By Saltwater Ambitions on

Brian Howell:
Hi, everybody. This is Brian Howell from Saltwater Ambitions, a project sponsored in part by Custom Aquariums. I wanted to give you guys a quick update today on build preparation. One of the first things that needed to be evaluated as part of the build was the construction concept. Meaning, how the wall was actually going to be modified to allow for the tank and the stand and of course, the electrical needs associated with the project. As you can see from some of the pictures here, the previous owner of my home had a long wire shelving unit along the wall where the build is going to be going.

She used it for storage above, and hanging below, and also had a large wooden panel hung on the wall presumably to prevent her clothes from touching the bare insulation and the wiring. Of course, all of this is needed to be removed in order to identify the electrical needs behind it. Unfortunately, taking these two items down was much more time-consuming than I originally expected.

Whoever hung these things did so sort of haphazardly. It wasn't as simple as taking my drill and removing some screws or taking the claw hammer and pulling out some nails. As you can see from the images here, the shelving unit and board were hung up with a variety of hardware, most of which wasn't properly installed. I'm telling you this not to harp on the poor construction habits of previous residents or the previous owner, but to instead share a bit of insight with you that can help you in future projects.

Things that appear at first glance to be easy tasks which won't take much time, they can often turn into much more time-consuming steps. In this case, something that I thought was going to take 5 to 10 minutes, ended up turning into a half an hour project in and of itself. Always plan ahead for that, and allow yourself enough time to do things right rather than rushed. You'll be happy that you did. After getting the shelving unit and board removed, I was able to identify the electrical needs without any kind of obstruction. Fortunately, the wiring and electrical behind the paneling proved to be minimal, and it won't require much work to adjust.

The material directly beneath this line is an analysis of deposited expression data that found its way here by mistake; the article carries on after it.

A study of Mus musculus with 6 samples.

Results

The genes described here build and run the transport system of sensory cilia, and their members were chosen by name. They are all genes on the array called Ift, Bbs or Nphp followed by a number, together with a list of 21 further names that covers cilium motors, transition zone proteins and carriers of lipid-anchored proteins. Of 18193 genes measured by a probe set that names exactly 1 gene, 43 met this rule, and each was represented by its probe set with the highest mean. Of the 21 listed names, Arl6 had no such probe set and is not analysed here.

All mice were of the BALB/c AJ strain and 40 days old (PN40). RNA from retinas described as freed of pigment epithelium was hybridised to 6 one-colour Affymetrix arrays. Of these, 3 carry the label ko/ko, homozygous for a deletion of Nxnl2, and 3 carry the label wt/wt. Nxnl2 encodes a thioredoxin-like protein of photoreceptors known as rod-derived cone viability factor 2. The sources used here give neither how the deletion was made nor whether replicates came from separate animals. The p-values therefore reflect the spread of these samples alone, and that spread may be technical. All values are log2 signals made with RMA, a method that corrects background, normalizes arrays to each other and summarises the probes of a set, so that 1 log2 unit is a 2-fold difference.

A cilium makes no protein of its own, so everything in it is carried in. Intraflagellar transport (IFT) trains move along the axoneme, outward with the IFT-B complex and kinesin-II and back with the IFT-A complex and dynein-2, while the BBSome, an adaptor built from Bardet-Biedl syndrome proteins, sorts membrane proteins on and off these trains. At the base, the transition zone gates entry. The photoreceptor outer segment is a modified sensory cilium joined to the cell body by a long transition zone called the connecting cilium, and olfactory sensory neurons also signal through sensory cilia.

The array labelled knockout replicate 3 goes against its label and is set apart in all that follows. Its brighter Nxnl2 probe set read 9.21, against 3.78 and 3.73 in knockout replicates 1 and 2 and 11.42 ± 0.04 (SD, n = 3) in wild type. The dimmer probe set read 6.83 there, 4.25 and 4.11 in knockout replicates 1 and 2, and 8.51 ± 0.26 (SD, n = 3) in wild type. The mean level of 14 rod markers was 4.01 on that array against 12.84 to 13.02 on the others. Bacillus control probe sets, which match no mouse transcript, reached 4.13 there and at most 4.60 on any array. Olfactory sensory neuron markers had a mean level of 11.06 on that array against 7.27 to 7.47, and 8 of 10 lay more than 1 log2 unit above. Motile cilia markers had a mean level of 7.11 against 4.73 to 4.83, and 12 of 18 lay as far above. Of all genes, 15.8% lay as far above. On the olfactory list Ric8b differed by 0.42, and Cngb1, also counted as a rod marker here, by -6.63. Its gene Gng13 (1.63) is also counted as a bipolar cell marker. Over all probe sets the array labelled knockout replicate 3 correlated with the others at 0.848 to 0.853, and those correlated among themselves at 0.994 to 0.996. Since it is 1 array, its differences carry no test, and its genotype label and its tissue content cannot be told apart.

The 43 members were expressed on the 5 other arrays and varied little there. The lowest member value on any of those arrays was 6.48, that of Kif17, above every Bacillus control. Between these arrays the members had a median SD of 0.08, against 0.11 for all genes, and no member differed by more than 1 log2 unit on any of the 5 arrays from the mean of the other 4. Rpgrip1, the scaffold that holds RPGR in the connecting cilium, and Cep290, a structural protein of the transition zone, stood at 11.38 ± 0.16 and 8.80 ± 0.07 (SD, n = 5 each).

There are three items in the wall to consider, two sets of light switches that operate the lights in the bar area, and a set of outlets that service the wall behind the bar, and cabinetry inside the bar itself. Partly because of good planning, and partly due to sheer luck, the aquarium stand and display are going to fit right between the two sets of switches and therefore, I don't believe I need to move them at all. There were one set of wires that were fixed to a stud that's being removed. I was able to relocate them without much hassle.

The set of outlets however, I need to take another look at, and we'll probably have to work around them during the build. I haven't determined yet if I'm going to move them or if I'm going to figure out a way to construct around them so that cosmetically, nothing will have to change on the display side of the wall. I've already consulted with licensed electrician, and I'll be having several outlets, as well as a secondary breaker panel installed in order to accommodate the aquarium's power needs, and also the needs of other items like my RODI water making and mixing station that I'll cover in future updates.

Just to sum up, there are a few key points to remember here. Number one, make sure to evaluate all of your construction needs prior to bringing in your display tank, your stand, and other equipment. It'll allow you more room to work and limit the chances of damaging something on accident because it was in the way. Number two, allow yourself adequate time, and also buffer time for even the smallest portions of your project. Oftentimes, things won't be as easy as they seem on the surface, and you don't want to have to rush. Rushing not only leads to costly mistakes, but it takes all the fun out of the project.

Number three, spending the extra time and money to consider the electrical needs will help ensure a clean build free of messy wires, and overloaded power strips, and circuits. Make sure to always use a qualified licensed electrician. Don't risk burning your house down or hurting yourself to save a buck. Thanks for taking the time to check out this update. If you guys have any questions or anything you'd like to share, feel free to contact me. Thank you.

About Saltwater Ambitions

Brian installed a custom 240-gallon reef aquarium as the centerpiece of a remodel in his home, complete with filter system and welded iron stand.

Started in May of 2017, the Saltwater Ambitions project was created to document the journey from concept to reality and beyond of a 240 gallon in-wall Lifetime Aquarium build. Owner Brian Howell has partnered with to showcase some of the features and functionality of the Lifetime Aquarium display tank, Seamless Sump, H2Overflow, Siphon Stopper, and more.